Last Ship to Proxima Centauri is set somewhere uncommon for the theater: the deck of a nearly thousand-year old spaceship.

Playwright Greg Lam, set designer Germán Cárdenas-Alaminos and ensemble member Tom Ford joined a conversation to preview the story—no spoilers, please!—and describe how they bring a galaxy that’s more than four light years away right onto Forest Ave. This interview has been edited and condensed for clarity.

Molly Adams: I love science fiction as a genre and I now realize I have rarely, if ever, seen a sci-fi play. Am I just out of the loop?

Greg Lam: There are playwrights doing sci-fi and there are theaters that specialize in it, but it is sort of rare despite the long tradition of using sci-fi to talk about the issues of the day. I was imagining the British colonizing the Americas, but setting it in space, colonizing a new planet, and giving Americans the social status of refugees. The last ship to arrive is hundreds of years late. So what they thought would be their old home just somewhere else is a different society with a welcoming crew that is not as welcoming as they’d hoped.

Do you think you created a challenge for set designers?  Was designing a spaceship something new for you, Germán?

Greg: In the script, there are specifics but it is written for set designers to interpret for their own theater. And the conventions of theater are here. It’s one set that changes appearance in between the two acts, but instead of a living room, it’s a spaceship bridge.

Germán Cárdenas-Alaminos: I was absolutely excited to do this. What are the things that will immerse the audience in “space”? It was a great challenge because I was looking at images of famous spaceships in our culture, which are mostly from movies. So, the first trick to figure out as a designer was to make sure that the cockpit seemed to be floating on the stage but then we want to accomplish some sort of disarray. It’s lived in. It’s right here. I want people to think, “Oh wow! How long have they been going through space?”

Now for Act 2, without spoilers, I love to collaborate with lighting designers. The colors of the spaceship, the colors of costumes, building an environment outside the ship—the nature of light abstracts and it allows the audience to build an image on their own.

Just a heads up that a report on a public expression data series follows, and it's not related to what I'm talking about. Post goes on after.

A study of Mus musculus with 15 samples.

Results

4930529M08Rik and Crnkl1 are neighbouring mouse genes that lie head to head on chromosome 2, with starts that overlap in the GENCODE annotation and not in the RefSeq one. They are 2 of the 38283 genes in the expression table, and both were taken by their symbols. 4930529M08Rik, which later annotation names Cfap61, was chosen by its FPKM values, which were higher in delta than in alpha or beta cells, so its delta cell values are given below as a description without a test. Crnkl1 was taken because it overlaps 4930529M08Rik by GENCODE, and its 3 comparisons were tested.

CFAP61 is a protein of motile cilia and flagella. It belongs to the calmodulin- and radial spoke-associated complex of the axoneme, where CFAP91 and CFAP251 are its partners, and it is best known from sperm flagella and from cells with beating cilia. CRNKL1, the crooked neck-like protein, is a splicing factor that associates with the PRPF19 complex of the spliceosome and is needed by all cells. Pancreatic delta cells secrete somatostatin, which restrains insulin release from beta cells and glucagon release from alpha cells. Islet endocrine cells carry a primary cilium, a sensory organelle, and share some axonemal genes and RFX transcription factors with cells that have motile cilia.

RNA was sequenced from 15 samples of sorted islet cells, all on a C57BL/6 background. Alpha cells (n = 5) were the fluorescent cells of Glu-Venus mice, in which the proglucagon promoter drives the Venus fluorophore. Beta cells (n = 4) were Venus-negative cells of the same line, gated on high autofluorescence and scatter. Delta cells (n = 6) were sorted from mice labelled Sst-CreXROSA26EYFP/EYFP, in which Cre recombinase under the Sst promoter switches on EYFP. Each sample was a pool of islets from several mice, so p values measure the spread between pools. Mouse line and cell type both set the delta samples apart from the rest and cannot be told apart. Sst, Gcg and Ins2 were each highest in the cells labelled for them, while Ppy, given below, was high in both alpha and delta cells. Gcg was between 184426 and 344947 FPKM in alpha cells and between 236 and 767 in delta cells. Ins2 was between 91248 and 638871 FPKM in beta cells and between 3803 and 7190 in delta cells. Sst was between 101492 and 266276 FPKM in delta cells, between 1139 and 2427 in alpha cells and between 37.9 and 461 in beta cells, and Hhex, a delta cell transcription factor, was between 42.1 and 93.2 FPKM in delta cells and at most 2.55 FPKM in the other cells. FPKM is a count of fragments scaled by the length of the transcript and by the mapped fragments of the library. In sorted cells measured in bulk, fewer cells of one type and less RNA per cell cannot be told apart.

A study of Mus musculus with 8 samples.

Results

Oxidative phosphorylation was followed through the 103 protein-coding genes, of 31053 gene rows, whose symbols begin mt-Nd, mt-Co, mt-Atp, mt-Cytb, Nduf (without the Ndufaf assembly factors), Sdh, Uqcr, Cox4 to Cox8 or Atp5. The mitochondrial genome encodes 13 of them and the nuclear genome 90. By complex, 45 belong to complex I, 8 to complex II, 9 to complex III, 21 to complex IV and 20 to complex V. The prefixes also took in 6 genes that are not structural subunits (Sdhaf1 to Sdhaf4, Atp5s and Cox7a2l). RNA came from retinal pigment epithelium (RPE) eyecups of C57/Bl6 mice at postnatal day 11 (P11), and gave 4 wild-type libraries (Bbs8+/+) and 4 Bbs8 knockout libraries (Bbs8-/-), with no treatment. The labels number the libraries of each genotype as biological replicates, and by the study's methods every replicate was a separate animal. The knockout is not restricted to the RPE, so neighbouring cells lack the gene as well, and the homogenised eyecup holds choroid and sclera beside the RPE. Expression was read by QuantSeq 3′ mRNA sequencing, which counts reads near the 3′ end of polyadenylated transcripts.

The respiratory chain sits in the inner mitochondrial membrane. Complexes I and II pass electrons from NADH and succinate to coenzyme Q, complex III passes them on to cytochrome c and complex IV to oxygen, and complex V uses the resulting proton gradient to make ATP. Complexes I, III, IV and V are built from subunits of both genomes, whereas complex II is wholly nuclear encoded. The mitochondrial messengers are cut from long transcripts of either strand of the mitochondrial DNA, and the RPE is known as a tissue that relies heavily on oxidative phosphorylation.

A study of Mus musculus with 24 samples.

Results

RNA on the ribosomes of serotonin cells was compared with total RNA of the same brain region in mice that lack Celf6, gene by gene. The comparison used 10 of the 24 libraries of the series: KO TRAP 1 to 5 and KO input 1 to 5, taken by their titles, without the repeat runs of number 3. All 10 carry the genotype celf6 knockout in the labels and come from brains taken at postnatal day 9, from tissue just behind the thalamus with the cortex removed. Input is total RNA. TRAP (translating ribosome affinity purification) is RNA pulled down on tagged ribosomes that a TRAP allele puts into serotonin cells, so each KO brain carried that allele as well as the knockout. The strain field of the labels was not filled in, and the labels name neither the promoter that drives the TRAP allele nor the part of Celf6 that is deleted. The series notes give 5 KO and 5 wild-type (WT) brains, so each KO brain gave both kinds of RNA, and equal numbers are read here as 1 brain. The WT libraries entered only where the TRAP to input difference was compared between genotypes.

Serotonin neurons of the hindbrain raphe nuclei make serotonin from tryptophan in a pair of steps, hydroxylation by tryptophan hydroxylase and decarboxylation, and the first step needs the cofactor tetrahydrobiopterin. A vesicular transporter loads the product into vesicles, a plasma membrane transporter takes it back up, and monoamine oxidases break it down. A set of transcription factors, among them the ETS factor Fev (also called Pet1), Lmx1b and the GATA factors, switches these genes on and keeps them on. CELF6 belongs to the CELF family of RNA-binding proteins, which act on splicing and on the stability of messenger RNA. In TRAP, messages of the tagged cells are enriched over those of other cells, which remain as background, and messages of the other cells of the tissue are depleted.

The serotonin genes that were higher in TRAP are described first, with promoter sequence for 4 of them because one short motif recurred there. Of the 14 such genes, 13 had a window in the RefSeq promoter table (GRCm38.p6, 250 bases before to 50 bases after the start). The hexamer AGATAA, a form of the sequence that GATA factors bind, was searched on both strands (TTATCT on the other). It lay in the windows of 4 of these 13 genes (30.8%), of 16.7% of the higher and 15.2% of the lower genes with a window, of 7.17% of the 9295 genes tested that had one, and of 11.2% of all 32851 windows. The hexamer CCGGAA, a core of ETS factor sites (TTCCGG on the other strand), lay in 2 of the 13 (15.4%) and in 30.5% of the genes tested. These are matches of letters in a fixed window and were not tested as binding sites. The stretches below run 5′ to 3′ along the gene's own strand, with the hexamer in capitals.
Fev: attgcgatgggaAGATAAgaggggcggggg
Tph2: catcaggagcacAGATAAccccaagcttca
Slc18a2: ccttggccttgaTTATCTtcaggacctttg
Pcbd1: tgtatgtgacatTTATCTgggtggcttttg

Tom, you have played a range of characters in your career, including an antihero like Scrooge in A Christmas Carol or a villain like Miss Trunchbull in Matilda. What is it like to tap into a Captain America-type, a role that used to be heroic and is now farcical?

Tom Ford: I get a little upset to my stomach before rehearsal in a way I haven’t before. Captain Morris has a lot of thoughts, behaviors and attitudes that are problematic to me and I have to tap into a straight, white, male privilege that is hard to embrace as my own. Yet, I’ve worked with Portland Stage off and on for twenty years. I go in there unconsciously owning it. Working on this play, I am now more conscious of a new person in the space, a person of color in the space, someone who hasn’t worked there before. Am I making space for them to have ownership like I do? To do that without getting self-judgy is hard.

Are you the bad guy?

Tom: Well, there isn’t any real villain or hero in the play. Everyone is problematic in their own way. Audiences might find me to be the most problematic! But because of how Greg wrote it, if I am not committed to the fullest, it’s not funny.Greg has written literal punch lines, because you are laughing at something you probably shouldn’t be laughing at. I can’t imagine anyone seeing this show and not talking at length afterward.

So it’s funny too!

Germán: Some lines are like a coin flipping, totally changes your perspective.

Greg: This play is incredibly challenging for actors. Dark-comedy would be a good descriptor. It taps into the zeitgeist in ways I could not have anticipated, from race relations to the role that China plays in this production. Since I started writing this years ago, a lot of things have gained resonance that are good for the play… but bad for the world.

This interview has been edited and condensed for clarity.